Lexapro is one of a number of selective serotonin reuptake inhibitors (SSRIs) that, when taken by pregnant women, have been proven to increase the chances of birth injury or defect. A highly useful and popular antidepressant, Lexapro is commonly used for treating symptoms not only of depression but also anxiety and nervous disorders, post-traumatic stress disorder (PTSD), eating disorders, and premenstrual dysphoric disorder, among others.
By balancing the chemicals in the brain, SSRIs like Lexapro can improve the lives of people who live with these disorders and allow them to function normally. Before going to market, Lexapro was tested by the US Food and Drug Administration (FDA) and deemed safe for human consumption. However, because testing did show that it could be harmful to animals, the FDA graded Lexapro as a class C drug available only through a prescription from a doctor.
Because there was no way to ethically test Lexapro and other SSRIs on infants or fetuses, there was initially no way to tell that it could cause of Lexapro birth injury or defects. For years, then, doctors prescribed Lexapro to pregnant women with no reason to be concerned for the health of their babies. However, after numerous incidents of Lexapro birth injuries and more recent studies, it has been determined that Lexapro and other SSRIs are key factors in increasing the risk of birth injury or defect.
How Does Lexapro Affect Newborn Babies?
The most serious birth injury or defect associated with Lexapro use during pregnancy is persistent pulmonary hypertension of the newborn (PPHN). According to the FDA, this condition occurs when a baby’s heart and lungs have not developed fully and the baby cannot immediately adapt to breathing on its own outside of the womb. This can result in the need for medical intervention to maintain the baby’s oxygen levels and may be fatal in some cases.
Other Lexapro birth injuries and defects include cleft palate or lip and anencephaly. In the former, reconstructive surgery will most likely be necessary for the baby to eat and drink properly and to live a normal life. In the latter, problems with the neural tube will cause the baby to be born without parts of the brain and/or skull. Anencephaly is incredibly dangerous and fatal in most cases.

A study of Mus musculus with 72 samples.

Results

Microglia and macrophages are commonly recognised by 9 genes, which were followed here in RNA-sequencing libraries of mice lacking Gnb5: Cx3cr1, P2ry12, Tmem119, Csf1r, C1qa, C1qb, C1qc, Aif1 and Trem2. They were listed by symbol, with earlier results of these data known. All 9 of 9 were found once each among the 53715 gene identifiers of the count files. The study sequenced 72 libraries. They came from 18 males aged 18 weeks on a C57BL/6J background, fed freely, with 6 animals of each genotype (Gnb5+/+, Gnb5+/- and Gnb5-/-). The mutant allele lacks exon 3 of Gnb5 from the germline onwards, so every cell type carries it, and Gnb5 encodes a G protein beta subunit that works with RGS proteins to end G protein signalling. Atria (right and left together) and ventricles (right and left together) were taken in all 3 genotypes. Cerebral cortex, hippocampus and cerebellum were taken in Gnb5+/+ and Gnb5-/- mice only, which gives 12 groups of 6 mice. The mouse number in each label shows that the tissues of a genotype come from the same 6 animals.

The Decision to Prescribe Lexapro to Pregnant Women
While the resulting injuries and defects are frightening, the chances of Lexapro birth injury or defect are still reasonably low for most women taking the antidepressant during pregnancy. As a result, many doctors have chosen to continue treating depression in order to avoid dangerous relapses that could result in self-harm or harm to the baby.
While many doctors will argue that the chances of harming an unborn baby due to problems with depression are higher than those of the baby being hurt by Lexapro use, it is still your doctor’s responsibility to inform you of all of the risks associated with any medication he or she prescribes for you. If you’re doctor prescribed Lexapro without warning you, and your baby suffers birth injury or defects, then you may have a Lexapro birth injury case against your doctor.
Likewise, the pharmaceutical company that produces Lexapro is also responsible for warning doctors and patients about any potentially harmful side effects of the drug. Because it is now well known that Lexapro can cause these birth injuries and defects, if a pharmaceutical company fails to place sufficient warnings on their product, they should be held responsible for damages incurred by taking that product during pregnancy.